Peridot – While not the gemstone closest in appearance to emeralds, it is one of the best-known gems in the world (outside of emeralds, rubies, and sapphires). It is a softer gem than emeralds are, and will accumulate scratches. More importantly, they are a fundamentally different color from emeralds, with much more yellow in their green hue than any beryl reaching emerald color will have. Peridot is also colored by iron instead of chromium or vanadium, meaning it has a distinct spectrum that shows iron. This spectrum usually shows very clearly.
Tourmaline – Can be just about any imaginable color, including a very characteristic bluish green similar to emeralds. One main difference is that tourmalines very frequently have color-zoning, to the point that many of these gems are faceted with different colors (formally referred to as parti-colored tourmalines). In terms of color; they rarely reach as deep a green as emeralds do and lack the same shimmery effect emeralds show.
Because tourmalines are colored by many different elements, their spectrum may look slightly similar to an emerald’s if it is visible. The chemical spectrum is not always readable with hand-held equipment, often requiring expensive lab equipment to get any readings.
Tsavorite – A type of garnets with a very specific color of garnets, and can come very close to emeralds based on color alone. However, they are fundamentally different from garnets because they have a much simpler crystal structure. In other words; they do not split light that passes through them, formally referred to as being singly refractive. Emeralds do split light as it passes through the gem.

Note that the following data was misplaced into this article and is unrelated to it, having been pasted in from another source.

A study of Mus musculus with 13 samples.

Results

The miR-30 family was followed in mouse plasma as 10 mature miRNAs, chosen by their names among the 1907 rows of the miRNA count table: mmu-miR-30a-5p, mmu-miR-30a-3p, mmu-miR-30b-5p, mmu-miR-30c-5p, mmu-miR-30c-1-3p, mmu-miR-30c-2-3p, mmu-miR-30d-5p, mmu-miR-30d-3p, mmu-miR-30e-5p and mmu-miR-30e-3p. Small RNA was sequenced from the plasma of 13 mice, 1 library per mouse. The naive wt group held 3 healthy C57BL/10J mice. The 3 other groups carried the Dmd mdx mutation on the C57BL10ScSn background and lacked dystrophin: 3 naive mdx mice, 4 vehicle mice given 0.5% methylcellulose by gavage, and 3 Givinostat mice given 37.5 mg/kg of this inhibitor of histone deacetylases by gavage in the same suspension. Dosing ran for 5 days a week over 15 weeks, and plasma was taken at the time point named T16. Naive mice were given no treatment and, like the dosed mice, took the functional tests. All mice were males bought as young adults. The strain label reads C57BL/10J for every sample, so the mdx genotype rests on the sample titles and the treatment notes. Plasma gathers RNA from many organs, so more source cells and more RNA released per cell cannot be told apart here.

Much like tourmalines, fluorite can be any color of the rainbow, and be vividly colored. However, it will never be confused with emeralds because it is extremely brittle and delicate. It can’t even be faceted through normal techniques. Outside of mineral specimens, fluorite is not popular. It cannot even be set into jewelry without the gem being damaged. The main type of fluorite jewelry available on the market is as beads.
Moldavite is a natural glass that formed from the melted remains of a meteor impacting the earth millions of years ago. It can show intense green color, but is very, very different from natural emeralds in durability and crystal structure. It is also typically a more yellowish color, like peridot.
Zircon is very likely to show emerald colors too, but is different from the previous examples as a durable gem. It even shows a better shine than emeralds, but more importantly green zircon is unstable. It is weakly radioactive, making the gemstone deteriorate due to itself over time.